Ever found yourself stuck with a PowerPoint presentation full of tables brimming with vital data? You might have tried manually copying the data from these tables, only to find the process tedious, time-consuming, and not to mention, prone to mistakes.
But wait, if you've got Python by your side, you don't have to fret about all this. With its rich arsenal of libraries, Python gives you an efficient way to handle this situation. This blog post is your handy guide on how to extract table data from PowerPoint presentations using Python's
What's in Our Toolkit?
Before we dive in, let's ensure we have all the tools we need in our Python toolkit:
collections.abc: Python's own treasure trove for creating data structures. Although we aren't using them directly in our code, they're good to have in our toolkit for future needs.
pptx: This nifty Python library lets us create and modify PowerPoint (.pptx) files. It's our main tool for this job.
pandas: This heavyweight champion of Python libraries is a data scientist's best friend. We'll use it to store and fiddle with the data we yank out from the PowerPoint file.
json: These Python modules are our go-to for system-specific parameters and functions and for playing around with JSON data.
You can get these tools handy with a simple pip command:
pip install python-pptx pandas
Let's dive right into the code:
import collections import collections.abc from pptx import Presentation import pandas as pd import sys import json def read_ppt(filename): presentation = Presentation(filename) tables =  for slide in presentation.slides: for shape in slide.shapes: if shape.has_table: table = shape.table table_data =  for row in table.rows: row_data =  for cell in row.cells: cell_text = '' for paragraph in cell.text_frame.paragraphs: for run in paragraph.runs: cell_text += run.text row_data.append(cell_text) table_data.append(row_data) df = pd.DataFrame(table_data) tables.append(df) return tables tables = read_ppt('mypresentation.pptx') # Let's print the first table as an example if tables: # print(json.dumps(tables)) table_list =  count = 0 for table in tables: table_list.append(table.to_json(orient='columns')) print(table_list)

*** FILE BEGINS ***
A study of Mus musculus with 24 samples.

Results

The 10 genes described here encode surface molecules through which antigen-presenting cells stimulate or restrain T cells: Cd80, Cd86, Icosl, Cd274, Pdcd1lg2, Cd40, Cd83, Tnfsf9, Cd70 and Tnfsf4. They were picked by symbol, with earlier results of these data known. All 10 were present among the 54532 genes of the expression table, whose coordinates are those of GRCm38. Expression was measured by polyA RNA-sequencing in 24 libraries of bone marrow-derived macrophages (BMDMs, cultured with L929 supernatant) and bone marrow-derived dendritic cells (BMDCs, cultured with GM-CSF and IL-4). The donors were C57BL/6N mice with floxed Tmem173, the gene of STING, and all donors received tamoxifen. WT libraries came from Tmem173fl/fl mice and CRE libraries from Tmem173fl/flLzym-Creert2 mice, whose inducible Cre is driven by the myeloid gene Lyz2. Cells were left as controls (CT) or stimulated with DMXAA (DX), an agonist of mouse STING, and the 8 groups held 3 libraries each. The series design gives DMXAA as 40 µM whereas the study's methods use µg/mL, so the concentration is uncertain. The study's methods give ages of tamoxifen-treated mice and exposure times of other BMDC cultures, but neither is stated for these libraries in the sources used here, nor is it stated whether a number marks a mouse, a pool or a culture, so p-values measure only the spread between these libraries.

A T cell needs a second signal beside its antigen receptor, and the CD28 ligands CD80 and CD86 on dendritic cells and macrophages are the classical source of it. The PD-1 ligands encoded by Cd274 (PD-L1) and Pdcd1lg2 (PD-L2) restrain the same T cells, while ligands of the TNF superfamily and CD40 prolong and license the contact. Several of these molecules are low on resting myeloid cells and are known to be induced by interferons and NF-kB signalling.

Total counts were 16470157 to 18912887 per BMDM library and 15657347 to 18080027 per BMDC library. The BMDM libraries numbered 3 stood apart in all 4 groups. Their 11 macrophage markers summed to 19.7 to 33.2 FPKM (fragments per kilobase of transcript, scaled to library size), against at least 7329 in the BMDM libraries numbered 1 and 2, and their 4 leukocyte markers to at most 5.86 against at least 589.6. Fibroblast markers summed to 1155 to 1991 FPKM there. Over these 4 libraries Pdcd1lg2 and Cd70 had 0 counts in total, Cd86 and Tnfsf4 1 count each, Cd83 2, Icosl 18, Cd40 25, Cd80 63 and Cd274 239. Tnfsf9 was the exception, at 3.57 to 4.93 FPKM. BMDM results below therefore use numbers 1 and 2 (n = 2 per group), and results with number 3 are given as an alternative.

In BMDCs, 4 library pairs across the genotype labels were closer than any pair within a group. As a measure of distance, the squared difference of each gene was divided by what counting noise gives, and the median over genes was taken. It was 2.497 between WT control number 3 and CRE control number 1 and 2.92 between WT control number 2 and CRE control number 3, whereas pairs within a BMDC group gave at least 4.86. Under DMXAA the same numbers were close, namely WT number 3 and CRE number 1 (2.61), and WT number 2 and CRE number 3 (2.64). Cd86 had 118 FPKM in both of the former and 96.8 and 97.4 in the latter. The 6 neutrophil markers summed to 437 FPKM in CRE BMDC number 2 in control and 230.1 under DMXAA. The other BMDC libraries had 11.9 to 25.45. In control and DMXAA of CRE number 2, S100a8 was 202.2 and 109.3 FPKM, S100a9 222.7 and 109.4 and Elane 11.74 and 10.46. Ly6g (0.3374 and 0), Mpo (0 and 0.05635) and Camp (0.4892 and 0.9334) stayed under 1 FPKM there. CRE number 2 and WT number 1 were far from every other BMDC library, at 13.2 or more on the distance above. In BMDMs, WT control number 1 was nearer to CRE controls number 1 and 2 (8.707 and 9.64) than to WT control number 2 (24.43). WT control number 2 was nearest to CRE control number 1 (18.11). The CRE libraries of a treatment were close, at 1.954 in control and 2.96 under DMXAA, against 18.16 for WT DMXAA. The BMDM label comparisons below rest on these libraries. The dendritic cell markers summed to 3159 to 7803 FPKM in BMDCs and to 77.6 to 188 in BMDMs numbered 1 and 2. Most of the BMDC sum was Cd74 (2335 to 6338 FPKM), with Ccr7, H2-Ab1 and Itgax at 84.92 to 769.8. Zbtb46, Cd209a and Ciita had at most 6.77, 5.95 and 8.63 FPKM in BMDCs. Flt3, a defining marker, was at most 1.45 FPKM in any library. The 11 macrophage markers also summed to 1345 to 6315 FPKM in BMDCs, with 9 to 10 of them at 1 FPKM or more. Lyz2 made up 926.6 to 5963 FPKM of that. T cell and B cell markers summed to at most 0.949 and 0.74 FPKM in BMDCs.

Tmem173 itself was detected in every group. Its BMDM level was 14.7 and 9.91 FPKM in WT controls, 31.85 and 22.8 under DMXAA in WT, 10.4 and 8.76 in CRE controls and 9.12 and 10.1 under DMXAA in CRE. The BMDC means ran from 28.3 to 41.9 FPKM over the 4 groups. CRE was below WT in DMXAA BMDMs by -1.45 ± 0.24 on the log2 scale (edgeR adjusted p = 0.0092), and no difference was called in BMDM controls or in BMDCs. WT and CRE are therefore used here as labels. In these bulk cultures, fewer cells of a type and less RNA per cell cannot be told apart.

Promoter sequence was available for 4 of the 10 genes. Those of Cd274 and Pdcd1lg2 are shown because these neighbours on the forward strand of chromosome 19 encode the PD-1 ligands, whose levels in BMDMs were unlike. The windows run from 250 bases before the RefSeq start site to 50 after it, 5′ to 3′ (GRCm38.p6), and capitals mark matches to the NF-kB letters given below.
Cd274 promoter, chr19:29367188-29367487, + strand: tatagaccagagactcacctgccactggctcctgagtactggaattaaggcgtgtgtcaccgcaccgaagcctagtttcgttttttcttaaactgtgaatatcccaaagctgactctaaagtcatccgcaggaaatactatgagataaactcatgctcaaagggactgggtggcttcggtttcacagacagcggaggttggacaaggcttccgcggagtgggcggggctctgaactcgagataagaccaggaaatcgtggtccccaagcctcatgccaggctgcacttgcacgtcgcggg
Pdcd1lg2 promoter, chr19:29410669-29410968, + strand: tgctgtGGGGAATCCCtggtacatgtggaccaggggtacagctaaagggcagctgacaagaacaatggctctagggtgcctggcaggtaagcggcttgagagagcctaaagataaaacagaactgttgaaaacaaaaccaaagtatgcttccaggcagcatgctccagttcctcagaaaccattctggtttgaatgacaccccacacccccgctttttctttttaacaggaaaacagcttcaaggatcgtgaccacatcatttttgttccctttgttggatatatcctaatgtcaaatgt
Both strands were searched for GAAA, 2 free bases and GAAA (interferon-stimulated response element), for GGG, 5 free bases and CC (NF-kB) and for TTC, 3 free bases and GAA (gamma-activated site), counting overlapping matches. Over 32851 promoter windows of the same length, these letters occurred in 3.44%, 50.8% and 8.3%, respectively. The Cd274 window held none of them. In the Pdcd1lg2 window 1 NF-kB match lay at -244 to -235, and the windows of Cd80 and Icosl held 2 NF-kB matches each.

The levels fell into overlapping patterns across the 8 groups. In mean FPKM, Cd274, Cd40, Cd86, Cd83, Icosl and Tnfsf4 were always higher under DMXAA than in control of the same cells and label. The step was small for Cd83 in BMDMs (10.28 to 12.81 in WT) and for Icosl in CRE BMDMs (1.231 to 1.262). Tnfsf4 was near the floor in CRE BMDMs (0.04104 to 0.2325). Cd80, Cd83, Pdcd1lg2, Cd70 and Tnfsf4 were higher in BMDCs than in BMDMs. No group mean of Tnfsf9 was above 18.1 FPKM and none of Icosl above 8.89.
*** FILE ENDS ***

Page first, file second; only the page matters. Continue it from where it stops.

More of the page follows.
Deciphering the Code
Now, let's get our hands dirty and see what our code does. The heart of our script is the
read_ppt() function. It takes the name of a PowerPoint file and spits out a list of pandas DataFrames. Each data frame is a table from the PowerPoint file, neatly extracted and ready for us to work with.
Here's how it pulls off this magic trick:
- Our function kicks off by opening the PowerPoint file using the
Presentationclass from the
- It then takes a leisurely stroll through each slide in the presentation.
- On each slide, it looks at every shape (anything you see on the slide, like a text box, table, or image). If it finds a table (checked using
shape.has_table), it gets ready to extract the data from the table.
- To yank out the data from a table, it goes row by row, cell by cell. For each cell, it pulls out the text and stashes it in a list. This list is like a digital version of the row from our table. After it's been through every cell in the row, it adds the list (our row) to a bigger list (our table).
- Once it's done with all rows, it converts this big list (the digital avatar of our table) into a pandas DataFrame and adds it to an even bigger list, which will hold all our tables.
- After it's had its fill of slides and tables, it finally returns the list of DataFrames (tables).
Ready, Set, Go!
Now that you know what's happening under the hood, it's time to put our
read_ppt() function to work:
tables = read_ppt('mypresentation.pptx')
Once you run this code,
tables will be your list of pandas DataFrames. Each data frame is a table that our function diligently extracted from the PowerPoint file.
You can find the entire code here.
So, there you have it - Python's prowess at automating the extraction of data from PowerPoint presentations. With
pandas at your disposal, extracting table data from .pptx files is no more a chore. It's not just a timesaver but also slashes the risk of errors you might make in manual extraction.
So, the next time you're faced with a PowerPoint presentation loaded with tables, you know Python's got your back. With this handy tool in your Python arsenal, even the biggest and most complex PowerPoint presentations won't break a sweat!